I recently watched a series of international spying and intrigue. These types of stories are popular for movie watchers. There are many common themes. This one featured an American abroad outraged by the injustice of a foreign government and he sets out to expose and depose the evildoers. In the process, he kills many people in order to chase down the culprit whom he sees as at fault. He is enraged and is posed to shoot this person. He is stopped by another, but you can see the battle within him and how unfair it seems to allow his enemy to live. Why does he not see himself as wrong in that he has just killed dozens in an illegal raid?
7 Blessed are the merciful,
for they will be shown mercy.
Matthew 5:7 (CSB)
Mercy. Mercy is greatly lacking in the world we live in. Mercy is lacking in my world and the manner by which I respond. It seems we live in an especially mean-hearted world. We all want justice. We, therefore, feel justified in our responses. I suspect it has always been this way. Maybe what is different is how many people we can be mean to with so little effort. Because of the internet and social media, we can be mean in mass without staring anyone in the face.
God calls us to be merciful. What does it mean to show mercy? Is mercy just a dismissal of wrongdoing? Is it an abandonment of right and wrong? How does it bring justice to victims left in the wake of evil? When you show mercy, you are not excusing the person. That person may deserve some other treatment, but God calls us to show mercy. He calls us away from dealing out our own form of justice. God will, in the end, make all things right. Justice will be served. Each person must pay the price to God for their wrongdoings. If you are a believer, you do not escape accountability for your sins and mistakes. The difference is that Jesus has paid the price in your place. You have been shown mercy, go and do the same.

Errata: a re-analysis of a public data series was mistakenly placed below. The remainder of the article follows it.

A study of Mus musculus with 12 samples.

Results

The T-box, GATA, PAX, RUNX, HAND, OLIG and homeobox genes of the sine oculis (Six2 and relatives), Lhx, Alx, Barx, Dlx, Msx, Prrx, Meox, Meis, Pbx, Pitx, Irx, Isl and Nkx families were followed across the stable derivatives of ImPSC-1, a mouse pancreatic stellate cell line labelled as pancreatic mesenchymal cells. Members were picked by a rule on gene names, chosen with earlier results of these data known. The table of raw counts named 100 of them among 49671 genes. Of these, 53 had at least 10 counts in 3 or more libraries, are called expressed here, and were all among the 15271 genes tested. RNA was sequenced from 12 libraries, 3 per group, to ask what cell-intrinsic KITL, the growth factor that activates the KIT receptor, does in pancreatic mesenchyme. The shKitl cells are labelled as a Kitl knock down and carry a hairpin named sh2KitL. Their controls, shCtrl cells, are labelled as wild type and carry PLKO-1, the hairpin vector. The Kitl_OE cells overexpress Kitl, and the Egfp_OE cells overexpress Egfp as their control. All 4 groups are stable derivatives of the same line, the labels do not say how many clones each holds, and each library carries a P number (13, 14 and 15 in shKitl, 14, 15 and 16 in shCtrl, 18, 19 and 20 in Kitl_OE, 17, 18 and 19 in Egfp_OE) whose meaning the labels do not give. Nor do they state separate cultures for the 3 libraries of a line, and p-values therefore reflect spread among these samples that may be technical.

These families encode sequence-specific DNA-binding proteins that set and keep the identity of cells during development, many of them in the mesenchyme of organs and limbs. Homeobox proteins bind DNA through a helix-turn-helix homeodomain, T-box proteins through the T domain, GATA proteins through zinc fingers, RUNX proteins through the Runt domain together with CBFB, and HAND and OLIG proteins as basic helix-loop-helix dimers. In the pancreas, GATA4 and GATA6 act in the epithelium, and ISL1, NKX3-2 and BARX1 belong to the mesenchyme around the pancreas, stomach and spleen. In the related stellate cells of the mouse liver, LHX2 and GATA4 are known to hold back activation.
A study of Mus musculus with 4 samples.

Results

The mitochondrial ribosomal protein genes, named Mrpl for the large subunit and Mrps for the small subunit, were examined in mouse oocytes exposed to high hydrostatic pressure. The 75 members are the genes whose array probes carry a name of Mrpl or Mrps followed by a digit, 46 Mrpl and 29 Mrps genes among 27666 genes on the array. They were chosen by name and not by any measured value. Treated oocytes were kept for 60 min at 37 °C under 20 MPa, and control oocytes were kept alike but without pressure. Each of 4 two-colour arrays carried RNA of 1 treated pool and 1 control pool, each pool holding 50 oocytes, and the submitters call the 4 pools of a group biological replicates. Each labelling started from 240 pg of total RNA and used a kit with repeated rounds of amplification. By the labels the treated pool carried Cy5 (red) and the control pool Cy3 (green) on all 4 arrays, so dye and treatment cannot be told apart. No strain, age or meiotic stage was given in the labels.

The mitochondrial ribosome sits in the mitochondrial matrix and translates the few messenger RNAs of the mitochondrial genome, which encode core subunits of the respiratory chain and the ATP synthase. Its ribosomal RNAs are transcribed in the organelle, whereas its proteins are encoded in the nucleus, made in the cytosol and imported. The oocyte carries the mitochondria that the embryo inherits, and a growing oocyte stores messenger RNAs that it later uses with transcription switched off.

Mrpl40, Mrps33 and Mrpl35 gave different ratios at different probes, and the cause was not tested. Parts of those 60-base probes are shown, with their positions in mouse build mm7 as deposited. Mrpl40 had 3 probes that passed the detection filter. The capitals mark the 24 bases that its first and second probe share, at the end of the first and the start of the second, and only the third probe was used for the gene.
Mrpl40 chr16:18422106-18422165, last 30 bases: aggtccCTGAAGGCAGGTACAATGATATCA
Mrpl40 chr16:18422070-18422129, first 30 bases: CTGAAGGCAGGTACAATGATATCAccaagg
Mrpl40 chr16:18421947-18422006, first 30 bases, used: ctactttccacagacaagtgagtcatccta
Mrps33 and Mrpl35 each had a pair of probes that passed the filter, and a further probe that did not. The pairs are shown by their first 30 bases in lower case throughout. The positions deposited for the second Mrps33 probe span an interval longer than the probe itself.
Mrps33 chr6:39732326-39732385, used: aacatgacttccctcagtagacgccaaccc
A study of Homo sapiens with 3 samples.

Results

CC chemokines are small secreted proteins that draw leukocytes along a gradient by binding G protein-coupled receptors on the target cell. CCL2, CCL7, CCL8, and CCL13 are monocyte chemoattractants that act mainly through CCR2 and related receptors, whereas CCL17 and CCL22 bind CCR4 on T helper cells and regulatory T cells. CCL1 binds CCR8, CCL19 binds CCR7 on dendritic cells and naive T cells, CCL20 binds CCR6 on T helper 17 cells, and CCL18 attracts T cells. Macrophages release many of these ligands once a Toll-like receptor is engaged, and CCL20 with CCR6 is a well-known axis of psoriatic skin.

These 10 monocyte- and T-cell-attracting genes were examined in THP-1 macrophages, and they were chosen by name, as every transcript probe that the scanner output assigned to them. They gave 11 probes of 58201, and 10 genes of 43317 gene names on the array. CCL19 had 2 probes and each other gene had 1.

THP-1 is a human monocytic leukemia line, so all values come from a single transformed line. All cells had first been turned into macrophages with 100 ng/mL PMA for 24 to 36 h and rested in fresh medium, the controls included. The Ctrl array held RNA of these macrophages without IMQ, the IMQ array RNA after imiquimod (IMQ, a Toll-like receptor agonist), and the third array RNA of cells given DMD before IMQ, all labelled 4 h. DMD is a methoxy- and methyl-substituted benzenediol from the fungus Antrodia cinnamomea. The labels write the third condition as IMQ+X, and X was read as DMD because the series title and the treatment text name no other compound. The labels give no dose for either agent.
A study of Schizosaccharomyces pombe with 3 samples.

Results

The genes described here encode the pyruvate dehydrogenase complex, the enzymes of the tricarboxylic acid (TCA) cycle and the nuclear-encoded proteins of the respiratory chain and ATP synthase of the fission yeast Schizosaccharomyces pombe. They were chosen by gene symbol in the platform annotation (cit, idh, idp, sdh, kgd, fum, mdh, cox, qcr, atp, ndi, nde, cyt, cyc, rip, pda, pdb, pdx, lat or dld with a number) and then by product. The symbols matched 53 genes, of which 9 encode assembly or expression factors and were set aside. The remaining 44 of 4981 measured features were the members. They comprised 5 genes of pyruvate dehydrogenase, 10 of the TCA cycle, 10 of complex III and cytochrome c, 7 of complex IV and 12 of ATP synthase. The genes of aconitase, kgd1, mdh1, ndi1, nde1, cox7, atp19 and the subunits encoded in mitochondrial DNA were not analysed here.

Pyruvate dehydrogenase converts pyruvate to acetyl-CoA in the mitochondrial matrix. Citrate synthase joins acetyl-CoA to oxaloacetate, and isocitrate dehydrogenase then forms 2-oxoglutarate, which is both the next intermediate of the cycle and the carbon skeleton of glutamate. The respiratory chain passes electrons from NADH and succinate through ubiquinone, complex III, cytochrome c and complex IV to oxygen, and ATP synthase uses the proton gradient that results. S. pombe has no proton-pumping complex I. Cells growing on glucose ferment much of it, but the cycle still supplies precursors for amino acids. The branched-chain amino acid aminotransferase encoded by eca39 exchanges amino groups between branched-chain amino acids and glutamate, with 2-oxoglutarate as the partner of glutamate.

Showing mercy is hard. What we really want is justice. Justice belongs to God. We must be careful because if we demand others be held accountable. To insist that penalties be meted out means we must receive punishment for all our wrongs as well. We must also be held accountable. It is easy to demand more accountability of others than of ourselves. We are not so anxious to see justice served when we are at fault. When we do wrong, we want mercy. Can we not see that others are just as desperate for mercy, Godly mercy?
There is a quote that I have not been able to verify the source. It is not my own. It goes like this: Grace is getting something we don’t deserve. Mercy is not getting something we do deserve. We have both in Christ. We have both because of what He has done for us.
What conflicts are you currently experiencing? How are you doing? Is your attitude remotely correct? Jesus calls us to a different way. It is not a way of revenge and self-justification. It is an opposite way.
Today, to whom do you need to show mercy?
You are just and You are merciful. Thank You for pouring out mercy on me. I confess that I have sinned against You and against others. I am in need of mercy. I confess that I have not treated others in the same way You have treated me. Forgive me and enable me through the power of the Holy Spirit to treat others with Your mercy and grace. Help me to place justice in your hands.